Wednesday, September 23, 2009

Urban "Trees" by the Bay

It was time to say our good-byes to family members around Hemet, CA.

It was also time to take some photographs. I was particularly privileged to take this photograph of my aunt Margaret and her great granddaughter, Abby. It was on Margaret's ninety-sixth birthday that Abby was born.

I gathered this group together and took the photo without any announcement, so I think it's a very natural arrangement of four generations. Pictured here are: sitting on the floor, left to right: Matthew and Allison (Shelley's children); seated: Shelley, holding her daughter Abby Renae, and Margaret (mother of Sandra, grandmother of Shelley, great grandmother of Abby); standing: Tim and Sandra Flake, Shelley's parents.

The picnic dinner that afternoon, complete with conversation and stories, was a wonderful way to wrap up our time together--and look forward to our next meeting.

Sunset marked the end of the day and our time together, but the memories will linger well past many more sunsets.

So, it was on to San Diego, where our first stop was along Harbor Drive from the Cruise Ship Terminal to Hawthorn Street on San Diego Bay. Pictured here are some of the 30 works of art that were part of the Urban Trees 6 exhibit.

This exhibit is the sixth year's collection of sculptures under the Port's Public Art Program, which conceived this temporary exhibit to punctuate and activate the postcard views of San Diego Bay and invite people to stroll along and enjoy the pedestrian promenade. Artists were invited to apply their creative energies to the design of artistic trees to add color, form, interest and fun to the waterfront. (The artists' descriptions of their works are included here.)

Lost Signal, Greg Brotherton.

Somewhere in time, on the edge of a deserted ocean, a lone steel tower broadcasts a forgotten signal. Meant to have a historic and futuristic feel, a frozen signal seems to radiate from a glass lens perched atop industrial truss work. The lens and globe assembly are designed to rotate slowly in the wind.

The Constellation Tree, Fritzie Urquhart.

A sculptural tribute to the star-studded skies over San Diego Bay, this artwork features a cluster of ten solar-lighted globes that create the experience of viewing the heavens through a telescope and the illusion of bringing the stars closer to earth.

The spheres seemed to bounce in the wind and made a rustling sound, as though filled with BBs as we walked by.

On Board, David Thēfeld.

In this fun and entertaining artwork, three spotted whimsical reptiles frolic on a game board that swirls to the sky. The gray and ivory checker board starts out narrow and widens as it reaches the sculptures peak. Made from steel, foam and concrete, this 17-foot tall kinetic sculpture can be spun by turning the lavender wheel at its bottom, inside the base.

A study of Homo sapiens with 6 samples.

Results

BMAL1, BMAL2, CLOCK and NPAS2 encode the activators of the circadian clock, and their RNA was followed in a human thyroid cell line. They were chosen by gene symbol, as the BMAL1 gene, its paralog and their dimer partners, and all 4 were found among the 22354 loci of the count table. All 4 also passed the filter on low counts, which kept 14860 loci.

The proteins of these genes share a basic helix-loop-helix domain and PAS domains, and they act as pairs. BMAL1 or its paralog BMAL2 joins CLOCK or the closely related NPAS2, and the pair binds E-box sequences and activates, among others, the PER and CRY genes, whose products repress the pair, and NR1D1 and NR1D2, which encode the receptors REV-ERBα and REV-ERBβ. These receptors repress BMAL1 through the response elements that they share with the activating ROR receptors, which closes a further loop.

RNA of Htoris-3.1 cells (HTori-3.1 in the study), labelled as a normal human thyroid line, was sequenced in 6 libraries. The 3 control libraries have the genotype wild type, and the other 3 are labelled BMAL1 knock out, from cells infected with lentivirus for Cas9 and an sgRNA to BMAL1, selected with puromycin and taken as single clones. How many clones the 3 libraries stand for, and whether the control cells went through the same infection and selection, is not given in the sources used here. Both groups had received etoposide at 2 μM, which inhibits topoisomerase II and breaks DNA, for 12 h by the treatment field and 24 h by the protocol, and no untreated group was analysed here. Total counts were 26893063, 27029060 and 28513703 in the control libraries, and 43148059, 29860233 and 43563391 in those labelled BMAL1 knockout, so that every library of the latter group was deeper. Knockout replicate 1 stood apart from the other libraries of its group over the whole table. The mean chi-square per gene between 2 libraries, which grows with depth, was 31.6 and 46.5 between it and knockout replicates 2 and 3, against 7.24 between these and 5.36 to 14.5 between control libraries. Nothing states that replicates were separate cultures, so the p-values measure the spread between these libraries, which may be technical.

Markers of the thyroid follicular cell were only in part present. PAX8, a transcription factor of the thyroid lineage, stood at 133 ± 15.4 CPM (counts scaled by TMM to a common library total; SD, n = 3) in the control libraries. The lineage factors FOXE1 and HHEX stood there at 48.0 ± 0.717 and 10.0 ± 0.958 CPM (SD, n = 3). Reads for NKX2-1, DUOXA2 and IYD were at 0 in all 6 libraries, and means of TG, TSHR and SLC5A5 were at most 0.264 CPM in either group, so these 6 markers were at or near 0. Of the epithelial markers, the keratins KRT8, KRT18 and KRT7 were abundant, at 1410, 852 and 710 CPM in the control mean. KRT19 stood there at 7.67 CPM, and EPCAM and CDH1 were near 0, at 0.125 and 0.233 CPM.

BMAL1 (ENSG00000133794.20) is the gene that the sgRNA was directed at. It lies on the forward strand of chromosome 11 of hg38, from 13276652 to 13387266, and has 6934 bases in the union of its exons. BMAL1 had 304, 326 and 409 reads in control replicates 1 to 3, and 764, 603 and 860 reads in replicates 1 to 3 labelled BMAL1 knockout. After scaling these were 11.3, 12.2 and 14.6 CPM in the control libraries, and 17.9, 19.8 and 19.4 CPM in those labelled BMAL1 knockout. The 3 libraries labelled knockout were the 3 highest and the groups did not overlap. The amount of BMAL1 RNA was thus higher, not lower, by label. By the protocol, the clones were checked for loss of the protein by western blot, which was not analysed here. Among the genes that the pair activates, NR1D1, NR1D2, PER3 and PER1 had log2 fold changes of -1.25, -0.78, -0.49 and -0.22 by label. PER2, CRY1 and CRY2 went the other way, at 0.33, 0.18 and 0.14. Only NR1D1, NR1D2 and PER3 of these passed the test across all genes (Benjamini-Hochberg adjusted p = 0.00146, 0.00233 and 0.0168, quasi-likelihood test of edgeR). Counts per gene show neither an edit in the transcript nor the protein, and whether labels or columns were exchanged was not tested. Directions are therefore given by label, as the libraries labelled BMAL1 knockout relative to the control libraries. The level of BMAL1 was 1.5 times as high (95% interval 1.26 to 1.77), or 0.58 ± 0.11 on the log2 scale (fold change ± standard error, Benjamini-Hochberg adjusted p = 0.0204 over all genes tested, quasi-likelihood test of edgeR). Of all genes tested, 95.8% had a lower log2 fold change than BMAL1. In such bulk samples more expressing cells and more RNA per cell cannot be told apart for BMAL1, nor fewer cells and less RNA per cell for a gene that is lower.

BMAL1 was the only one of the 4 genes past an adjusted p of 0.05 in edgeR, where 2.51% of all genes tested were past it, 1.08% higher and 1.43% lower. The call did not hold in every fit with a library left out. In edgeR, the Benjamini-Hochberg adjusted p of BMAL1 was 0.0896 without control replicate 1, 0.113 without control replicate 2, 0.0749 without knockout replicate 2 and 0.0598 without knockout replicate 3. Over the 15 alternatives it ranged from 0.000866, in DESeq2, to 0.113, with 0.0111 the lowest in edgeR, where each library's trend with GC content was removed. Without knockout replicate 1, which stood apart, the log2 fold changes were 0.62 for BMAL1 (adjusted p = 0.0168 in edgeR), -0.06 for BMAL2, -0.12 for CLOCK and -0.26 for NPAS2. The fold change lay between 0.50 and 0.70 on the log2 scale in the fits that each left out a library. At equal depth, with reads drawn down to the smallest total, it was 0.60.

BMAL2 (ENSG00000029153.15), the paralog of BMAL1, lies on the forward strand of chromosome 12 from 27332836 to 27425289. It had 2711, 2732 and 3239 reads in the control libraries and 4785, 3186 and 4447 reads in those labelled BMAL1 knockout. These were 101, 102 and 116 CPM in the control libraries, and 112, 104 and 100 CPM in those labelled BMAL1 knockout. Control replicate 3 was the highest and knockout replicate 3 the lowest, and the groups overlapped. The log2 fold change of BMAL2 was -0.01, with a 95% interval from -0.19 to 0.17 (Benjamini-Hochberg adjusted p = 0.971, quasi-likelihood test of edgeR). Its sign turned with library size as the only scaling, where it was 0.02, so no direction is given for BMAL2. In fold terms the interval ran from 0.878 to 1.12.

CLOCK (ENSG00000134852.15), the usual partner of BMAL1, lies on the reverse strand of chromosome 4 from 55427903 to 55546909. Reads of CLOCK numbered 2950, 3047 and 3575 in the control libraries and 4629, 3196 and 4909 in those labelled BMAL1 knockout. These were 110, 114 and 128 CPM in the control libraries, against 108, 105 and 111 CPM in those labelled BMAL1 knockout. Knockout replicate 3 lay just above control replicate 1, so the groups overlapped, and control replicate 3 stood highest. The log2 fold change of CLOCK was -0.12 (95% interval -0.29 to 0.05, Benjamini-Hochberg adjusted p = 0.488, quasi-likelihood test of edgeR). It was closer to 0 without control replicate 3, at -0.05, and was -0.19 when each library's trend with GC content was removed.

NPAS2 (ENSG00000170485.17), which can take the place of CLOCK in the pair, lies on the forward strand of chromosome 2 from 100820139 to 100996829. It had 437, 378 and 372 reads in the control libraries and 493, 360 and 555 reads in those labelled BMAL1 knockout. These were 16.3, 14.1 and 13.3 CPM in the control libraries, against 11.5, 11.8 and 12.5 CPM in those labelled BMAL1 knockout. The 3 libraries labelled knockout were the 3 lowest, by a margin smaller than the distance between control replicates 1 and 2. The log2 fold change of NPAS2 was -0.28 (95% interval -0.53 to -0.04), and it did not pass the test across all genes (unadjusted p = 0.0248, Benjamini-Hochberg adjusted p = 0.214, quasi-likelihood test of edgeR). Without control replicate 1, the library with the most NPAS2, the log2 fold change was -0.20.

Rolling Wilbur, Linda Joanou.

This interactive kinetic sculpture features multiple one-inch chrome ball bearings that are lifted to the top of a partially open stainless steel track by a hand-cranked chain conveyor. The balls travel several different routes hitting bells and chimes along their way back to the bottom.

SIC'Emore (doggie tree), Neal and Tiffany Bociek.

This light-hearted, brightly colored kinetic sculpture plays with images of dog breeds. The dogs swivel on ball bearings in the wind, and the toy poodle that tops the tree functions as a weather vane. The root system of the doggie tree is a fire hydrant, favorite stopping spot for all dogs. The artwork is constructed of steel, aluminum and copper.

A Sea-Word Tree, Ron Logan.

A tree filled with sea-related words, all nautical terms for items that would appear on a ship, such as the Star of India (see our future entry), and would be fabricated from wood. The sculpture suggests how wood from a tree may live a new life as part of a ship on the ocean. The title is a play on the word "seaward."

Popcorn Chicken, Bonn Liang.

This was my favorite. The artist’s sense of humor is evident in this artwork, which represents a 10-foot tall, red and white striped box filled with what appears to be popcorn.

However, closer inspection reveals that it is filled with charming chickens. Constructed of Plexiglas, foam and plastic, the sculpture is a bit of pop art on the waterfront.